Commentaries & Views

Is it simply an interesting fact, a coincidence, or a contingency plan in the making?

Chairman Powell has taken a 180° pivot in regards to calling recent accumulation of assets as a precursor to another round of quantitative easing, this occurring at the same time when it appears that the coronavirus continues to spread at a much greater rate than recently reported, and the U.S. Treasury Department announced that January’s budget deficit was approximately 33 billion.

On November 25, 2008, a Federal Reserve press release announced that the Fed will begin “purchase of the direct mixed obligations … Purchases of up to 100 billion in GSE direct obligations under the program will be conducted with the Federal Reserve’s primary dealers.” In other words, in November 2008 the federal reserve announced its intention to begin QE1.

On August 27, 2010 Fed Chairman Ben Bernanke made first mention of QE2. This would be followed by two more rounds simply titled QE3 and QE4. The Fed ended QE3 on October 29, 2014, and it was not until June14 2017, that these programs officially ended as the Fed signaled, they would begin to their balance sheet normalization. Purchases by the Federal Reserve had resulted in a massive balance sheet of approximately $4.5 trillion. And after a small series of reductions announced on July 31, 2019 that they intended to cease the runoff of their security portfolio.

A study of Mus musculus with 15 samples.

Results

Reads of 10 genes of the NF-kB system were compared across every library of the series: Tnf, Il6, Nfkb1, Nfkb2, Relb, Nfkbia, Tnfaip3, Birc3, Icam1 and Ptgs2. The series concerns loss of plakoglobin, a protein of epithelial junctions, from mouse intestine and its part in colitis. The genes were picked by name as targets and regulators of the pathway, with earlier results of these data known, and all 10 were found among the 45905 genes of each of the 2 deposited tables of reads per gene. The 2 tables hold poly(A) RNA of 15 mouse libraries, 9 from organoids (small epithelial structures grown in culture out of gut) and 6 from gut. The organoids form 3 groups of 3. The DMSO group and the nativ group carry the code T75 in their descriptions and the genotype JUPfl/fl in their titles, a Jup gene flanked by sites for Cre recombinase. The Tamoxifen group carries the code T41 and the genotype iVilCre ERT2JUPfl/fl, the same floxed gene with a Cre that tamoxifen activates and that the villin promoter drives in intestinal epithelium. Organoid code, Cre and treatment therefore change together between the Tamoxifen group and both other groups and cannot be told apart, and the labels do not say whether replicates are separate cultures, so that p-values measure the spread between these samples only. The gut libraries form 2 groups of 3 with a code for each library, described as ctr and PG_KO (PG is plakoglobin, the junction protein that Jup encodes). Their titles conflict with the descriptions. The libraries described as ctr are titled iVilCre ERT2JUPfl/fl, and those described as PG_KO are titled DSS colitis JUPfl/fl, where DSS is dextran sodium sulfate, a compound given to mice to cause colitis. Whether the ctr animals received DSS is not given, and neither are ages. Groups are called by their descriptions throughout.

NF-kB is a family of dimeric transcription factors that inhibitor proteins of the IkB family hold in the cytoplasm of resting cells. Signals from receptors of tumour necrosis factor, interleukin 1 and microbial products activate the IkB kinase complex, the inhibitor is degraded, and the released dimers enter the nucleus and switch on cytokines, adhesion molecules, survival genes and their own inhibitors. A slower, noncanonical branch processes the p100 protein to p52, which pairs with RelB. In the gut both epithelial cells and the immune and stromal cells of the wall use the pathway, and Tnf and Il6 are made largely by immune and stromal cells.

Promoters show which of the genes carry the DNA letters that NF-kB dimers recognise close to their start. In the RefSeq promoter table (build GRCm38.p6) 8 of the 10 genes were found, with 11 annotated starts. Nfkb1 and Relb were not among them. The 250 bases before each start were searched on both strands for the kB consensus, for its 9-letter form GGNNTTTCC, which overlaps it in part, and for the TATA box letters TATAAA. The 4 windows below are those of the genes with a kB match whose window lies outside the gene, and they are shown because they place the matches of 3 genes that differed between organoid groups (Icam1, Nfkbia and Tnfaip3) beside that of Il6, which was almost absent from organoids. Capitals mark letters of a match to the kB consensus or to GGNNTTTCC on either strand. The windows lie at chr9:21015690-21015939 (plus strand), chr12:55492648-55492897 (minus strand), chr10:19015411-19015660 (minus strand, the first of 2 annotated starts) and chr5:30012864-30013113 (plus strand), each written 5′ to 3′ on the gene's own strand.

In October of last year, the Federal Reserve began to quietly purchase $30 billion worth of treasury bills each month with the intent of continuing this practice into 2020.

However, when asked whether or not these purchases were a buildup to the next round of quantitative easing, Fed members including Chairman Powell emphatically denied that was the case.

Yesterday that changed when the chairman of the Federal Reserve, Jerome Powell said that the Fed “would fight the next economic downturn by buying large amounts of government debt to drive down long-term interest rates?” The primary reason is there is very little trim in terms of more rate cuts.

In his congressional testimony on Wednesday, he said that the Fed had’ “two recession-fighting tools; buying government bonds, known as QED, and communicating clearly with markets about interest rate policies,” routinely considered as “forward guidance”.

He spoke to the fact that with rates as low as they are that the Federal Reserve would have no recourse but to print more money when the next downturn hits.

I do not believe it is a coincidence that the Federal Reserve began to prepare itself for another round of QE in October of last year, nor is it a coincidence that Jerome Powell said that the Federal Reserve has “ no recourse but to print more money when the next downturn hits.”

The facts are clear the coronavirus continues to spread globally with no treatment program or vaccine currently available. Officially titled COVID – 19, the virus is now killed 1,369 people and the reported confirmed cases has swelled to 46,999 as of today. The implications of this epidemic morphing into a pandemic continue to be real, and that scenario would almost certainly result in a major global economic slowdown or recession. When coupled with an out-of-control budget deficit the Federal Reserve indicated that they are poised and ready to initiate whatever is needed to stave off that scenario.

The fact that Chairman Powell informed the Senate and the Congress in his testimony over the last two days that they plan to reignite quantitative easing if needed, with the backdrop of the coronavirus epidemic continuing to grow and a budget deficit that swelled to nearly $1 trillion in 2019, the chairman is simply reading the writing on the wall and letting the House and Senate know that they are developing monetary policy to minimize the effect is events.